Two years ago Gabe Watson entered his freshman season with huge expectations. His outstanding athletic ability wowed observers at the Nike camp where at 330+ pounds, he ran a 5.1 forty (after slipping out of the gates), a 4.87 shuttle, and bench pressed 185 pounds over 30 times. Tales of his ability to do the splits and dunk a basketball only intensified the excitement over his athletic talents. The debate raged on about what side of the ball he was best suited for (his high school team ran behind him 85% of the time), but his desire to play defense won out. He requested to not be redshirted during his recruitment and had plans to make an impact in his initial season. Things, however, took a detour very early in the process.
Watson’s development was curtailed a bit when he reported to camp 30-40 pounds overweight. He spent much of the fall getting into the shape expected of him, and his playing time was limited as a result. Discouraged and disappointed, Watson made no secret of the fact that he didn’t like sitting. To ensure that the same thing didn’t happen the next season, he was much more dedicated to offseason preparation and entered the spring at a trim (relatively speaking) 330 pounds.
Watson’s enhanced attention to strength and conditioning resulted in more playing time last year. Now that the seniors that were in front have departed, his playing time and responsibilities will increase even more. “I have more opportunity now,” Watson said. “Michigan is about waiting your turn, letting the seniors lead, and stuff like that. They had their chance and moved out. Now it is time for me to step up.”
To prepare for his increased role Watson realized at some point during the offseason that he had to put in even more work than he had before. “I think that you need to work on everything,” Watson said of offseason prep work. “If you don’t work on it long enough, it can get away from you. I worked hard, lifted hard, and ran hard. You notice a lot of guys getting stronger during the summer because Mike Gittleson (Director of Weight Training and Conditioning) and Kevin Tolbert (Strength and Conditioning Coach) have you working so hard in the weight room that you have no choice.”
Coach Carr has obviously taken notice of Watson’s improvement. His performance thus far invoked significant praise from Michigan’s veteran leader. “I think Gabe Watson has a chance to be a great football player…a dominating football player if he continues to play with the same type of intensity he has played with this fall,” Carr said.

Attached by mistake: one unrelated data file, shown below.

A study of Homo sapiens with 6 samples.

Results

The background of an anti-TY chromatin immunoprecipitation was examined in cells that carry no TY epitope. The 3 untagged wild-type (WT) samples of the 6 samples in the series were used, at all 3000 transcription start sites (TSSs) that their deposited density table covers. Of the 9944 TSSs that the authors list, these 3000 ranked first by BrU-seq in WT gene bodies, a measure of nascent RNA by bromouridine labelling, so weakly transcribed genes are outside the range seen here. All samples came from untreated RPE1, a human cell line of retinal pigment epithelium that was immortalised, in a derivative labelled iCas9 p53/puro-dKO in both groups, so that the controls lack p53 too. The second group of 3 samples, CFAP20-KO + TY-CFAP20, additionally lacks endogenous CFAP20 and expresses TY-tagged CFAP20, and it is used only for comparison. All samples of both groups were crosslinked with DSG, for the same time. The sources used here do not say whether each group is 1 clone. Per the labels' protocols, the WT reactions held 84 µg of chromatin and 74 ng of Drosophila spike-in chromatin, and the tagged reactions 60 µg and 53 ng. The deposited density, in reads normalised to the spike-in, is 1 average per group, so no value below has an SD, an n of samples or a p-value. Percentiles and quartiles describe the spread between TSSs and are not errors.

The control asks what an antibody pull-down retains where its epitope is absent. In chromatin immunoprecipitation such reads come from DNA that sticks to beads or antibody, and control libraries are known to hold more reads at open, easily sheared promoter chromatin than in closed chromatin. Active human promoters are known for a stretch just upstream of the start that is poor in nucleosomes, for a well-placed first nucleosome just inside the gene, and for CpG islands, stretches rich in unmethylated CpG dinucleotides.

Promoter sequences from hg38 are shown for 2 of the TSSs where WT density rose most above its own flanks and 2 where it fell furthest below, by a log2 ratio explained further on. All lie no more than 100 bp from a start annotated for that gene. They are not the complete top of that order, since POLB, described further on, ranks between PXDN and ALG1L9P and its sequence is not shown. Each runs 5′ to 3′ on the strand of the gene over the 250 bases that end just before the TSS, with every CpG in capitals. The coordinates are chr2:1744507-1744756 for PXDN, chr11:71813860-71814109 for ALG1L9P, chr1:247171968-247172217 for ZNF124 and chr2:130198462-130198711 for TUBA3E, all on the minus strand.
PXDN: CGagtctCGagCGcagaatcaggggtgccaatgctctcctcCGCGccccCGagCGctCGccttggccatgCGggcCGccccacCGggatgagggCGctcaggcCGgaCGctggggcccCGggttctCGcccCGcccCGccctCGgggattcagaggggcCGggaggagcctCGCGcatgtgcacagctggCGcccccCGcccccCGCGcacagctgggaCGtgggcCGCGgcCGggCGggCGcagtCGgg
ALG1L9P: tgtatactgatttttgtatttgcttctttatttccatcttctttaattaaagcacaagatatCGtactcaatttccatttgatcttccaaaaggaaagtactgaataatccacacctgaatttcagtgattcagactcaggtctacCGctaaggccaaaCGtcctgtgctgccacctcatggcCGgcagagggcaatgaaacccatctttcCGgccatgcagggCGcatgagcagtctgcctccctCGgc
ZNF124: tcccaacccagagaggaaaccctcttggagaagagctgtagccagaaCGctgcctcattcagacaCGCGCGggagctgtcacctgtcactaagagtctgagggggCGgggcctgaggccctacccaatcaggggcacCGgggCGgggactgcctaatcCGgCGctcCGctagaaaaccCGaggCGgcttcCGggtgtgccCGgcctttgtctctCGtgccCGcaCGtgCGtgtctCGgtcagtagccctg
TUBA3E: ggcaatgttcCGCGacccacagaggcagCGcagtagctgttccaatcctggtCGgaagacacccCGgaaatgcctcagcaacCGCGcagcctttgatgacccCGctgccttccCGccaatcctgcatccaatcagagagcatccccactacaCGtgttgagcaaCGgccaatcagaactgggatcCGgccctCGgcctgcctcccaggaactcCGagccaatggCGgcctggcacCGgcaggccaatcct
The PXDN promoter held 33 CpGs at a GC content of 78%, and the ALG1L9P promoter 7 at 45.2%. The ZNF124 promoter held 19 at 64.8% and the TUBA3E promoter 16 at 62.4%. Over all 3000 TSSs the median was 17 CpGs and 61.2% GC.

With the defensive transition to playing more 3-4, Watson’s importance increased because he has the arduous task of often times occupying two blockers and keeping them off of the linebackers. His teammates are giving rave reviews about his stoutness in the middle. The nose tackle in the 3-4 is often under-appreciated by fans because there really is no stat for what he does for the unit. Many times they have some of the lower tackle totals on the team. Observers can only see what he does for the defense if they’re looking for it. The other players (especially the linebackers), however, know exactly what he means. When asked what the advantage of playing the 3-4 was, Scott McClintok gave props to the man that makes his job easier. “From what I’ve seen so far it’s Gabe Watson in the middle,” McClintok said regarding the primary benefit of playing in the new scheme. “He is such a big strong man that he can take on two guys and make it a little bit easier on the backers and allow us to get up on the play quicker.”
While Watson has done a great job of freeing up his teammates in practice so far, he certainly wouldn’t mind significantly improving upon his career tackle (15 tota1 and 1 for loss) and sack totals this year. “I just want a high number,” Watson said. “Sometimes there are things that I do to free up other guys. If were up to me, I would want a high number, but it depends on what defense is called.”
Whether it shows up on his individual stat sheet or not, all signs point toward Watson having a huge impact this season.